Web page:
The Google Play Store has a strict set of App Developer Guidelines that developers need to follow for their apps and store listings alike. Failure to follow these could result in an app or update being rejected, or in some cases removed from the Play Store entirely. To help developers avoid common policy violations, Google has called out some frequent mistakes seen on Google Play and how to avoid them.
Keywords are essential for app discovery, and Google Play’s algorithm means that an app will index for keywords that are targeted within its description. That means developers must properly utilize keywords in their app descriptions – it does not mean they should stuff the description with keywords.
A frequent mistake seen in the Google Play Store is keyword stuffing – where developers create blocks of text or lists that continue to repeat keywords even when they’re unrelated to the app or feature.
If the description repeats a keyword every line with little regard for context or grammar, it will likely get flagged for keyword stuffing and the update may be rejected.
How to Avoid This
Keywords need to be used properly. While descriptions must include keywords for proper App Store Optimization, it’s also possible to overdo it. When targeting a keyword, as yourself: “Is it relevant in this context? Does it fit grammatically? Am I repeating it too much?”
A description needs to balance keyword usage with readability and clarity. One should not come at the expense of the other.
Linking Back to the Store
If a user is enjoying an app, the developer may see this as an opportunity to direct them to more of their content to gain further downloads. While linking back to the Play Store is allowed, the apps themselves cannot do that without being clearly labeled as ads or links to the Developer Page.
If an app appears to disguise links to other apps as part of its features, rather than an ad or other promoted content, it can risk rejection or removal.
How to Avoid This
An app can include ads that direct to other apps on the Play Store, or sections labeled “More Apps” that clearly link to the Developer Page.
What they cannot do is hide the outgoing links within the regular app content as though it were a part of the app. Make sure any pages linking back to the Play Store are clearly labeled as such, rather than disguised with other menu options or features.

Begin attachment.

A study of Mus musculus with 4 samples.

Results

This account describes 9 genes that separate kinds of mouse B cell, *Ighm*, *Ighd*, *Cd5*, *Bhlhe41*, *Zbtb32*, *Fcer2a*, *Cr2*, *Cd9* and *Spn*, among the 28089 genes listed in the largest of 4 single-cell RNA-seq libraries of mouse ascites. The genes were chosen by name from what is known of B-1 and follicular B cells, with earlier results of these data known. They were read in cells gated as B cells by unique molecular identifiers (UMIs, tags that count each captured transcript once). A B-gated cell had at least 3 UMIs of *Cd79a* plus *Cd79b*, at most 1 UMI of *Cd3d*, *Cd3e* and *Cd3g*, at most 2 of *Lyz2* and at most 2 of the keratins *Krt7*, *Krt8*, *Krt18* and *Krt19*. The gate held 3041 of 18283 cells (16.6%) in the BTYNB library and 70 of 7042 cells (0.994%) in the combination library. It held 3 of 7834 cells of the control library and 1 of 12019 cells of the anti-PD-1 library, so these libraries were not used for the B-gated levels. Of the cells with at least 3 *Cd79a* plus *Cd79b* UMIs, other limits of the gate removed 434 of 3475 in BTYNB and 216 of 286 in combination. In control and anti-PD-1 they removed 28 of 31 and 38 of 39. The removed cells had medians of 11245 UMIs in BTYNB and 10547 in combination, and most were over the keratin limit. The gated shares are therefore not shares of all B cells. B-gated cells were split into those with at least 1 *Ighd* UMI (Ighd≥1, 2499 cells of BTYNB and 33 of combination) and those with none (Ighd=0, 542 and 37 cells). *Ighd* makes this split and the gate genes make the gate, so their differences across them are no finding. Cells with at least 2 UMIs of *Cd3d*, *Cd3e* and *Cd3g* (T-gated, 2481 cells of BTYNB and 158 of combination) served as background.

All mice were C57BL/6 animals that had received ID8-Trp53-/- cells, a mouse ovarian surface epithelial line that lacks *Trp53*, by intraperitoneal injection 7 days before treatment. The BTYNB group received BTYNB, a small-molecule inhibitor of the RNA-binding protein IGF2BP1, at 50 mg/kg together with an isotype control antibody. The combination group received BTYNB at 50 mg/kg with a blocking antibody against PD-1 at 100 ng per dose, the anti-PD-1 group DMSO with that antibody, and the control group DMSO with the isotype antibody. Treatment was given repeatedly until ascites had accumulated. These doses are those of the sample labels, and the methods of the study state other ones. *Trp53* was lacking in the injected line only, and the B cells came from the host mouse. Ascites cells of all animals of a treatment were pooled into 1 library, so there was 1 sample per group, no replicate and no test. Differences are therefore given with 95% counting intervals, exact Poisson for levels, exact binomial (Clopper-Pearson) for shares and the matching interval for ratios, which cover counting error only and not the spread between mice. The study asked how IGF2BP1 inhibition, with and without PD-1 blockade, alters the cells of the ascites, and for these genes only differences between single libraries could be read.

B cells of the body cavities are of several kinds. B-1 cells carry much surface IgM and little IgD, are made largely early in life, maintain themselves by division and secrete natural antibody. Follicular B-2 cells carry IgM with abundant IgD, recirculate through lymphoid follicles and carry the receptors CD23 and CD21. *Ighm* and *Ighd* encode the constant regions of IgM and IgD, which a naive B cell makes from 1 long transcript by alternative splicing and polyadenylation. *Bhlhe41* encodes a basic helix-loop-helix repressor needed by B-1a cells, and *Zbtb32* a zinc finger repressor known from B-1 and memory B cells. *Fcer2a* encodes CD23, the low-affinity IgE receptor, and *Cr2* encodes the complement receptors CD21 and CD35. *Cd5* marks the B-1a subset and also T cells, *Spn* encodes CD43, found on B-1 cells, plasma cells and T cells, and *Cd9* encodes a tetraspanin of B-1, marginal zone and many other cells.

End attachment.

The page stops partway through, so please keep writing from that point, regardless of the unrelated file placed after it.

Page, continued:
Once an app is completed and published, the developer’s work has only begun. Upkeep and maintenance are essential for providing a good user experience, as apps left unattended will typically encounter bugs and broken functionality that must be addressed.
Apps left in disrepair will be flagged as violating Google Play’s policy for minimum functionality. These apps can be removed from the store and have a negative impact on the developer’s reputation in Google’s eyes.
How to Avoid This
Rather than leave an outdated app on the store, Google recommends un-publishing the app. This will remove it from the store without impacting existing users. The app can later be re-published when it’s up-to-date and ready to go back on the Play Store, although Google did not state if this would require building up keyword rankings and indexation again.
App developers need to carefully follow the Google Play Developer Policy. Apps that don’t run the risk of having their updates rejected or being removed altogether, either of which can create a significant setback for their optimization. These three violations are some of the most common mistakes developers can make, according to Google, so they should be kept in mind at all times.
Developers that follow the guidelines and understand how they can factor into their App Store Optimization will be well equipped for competing on Google Play.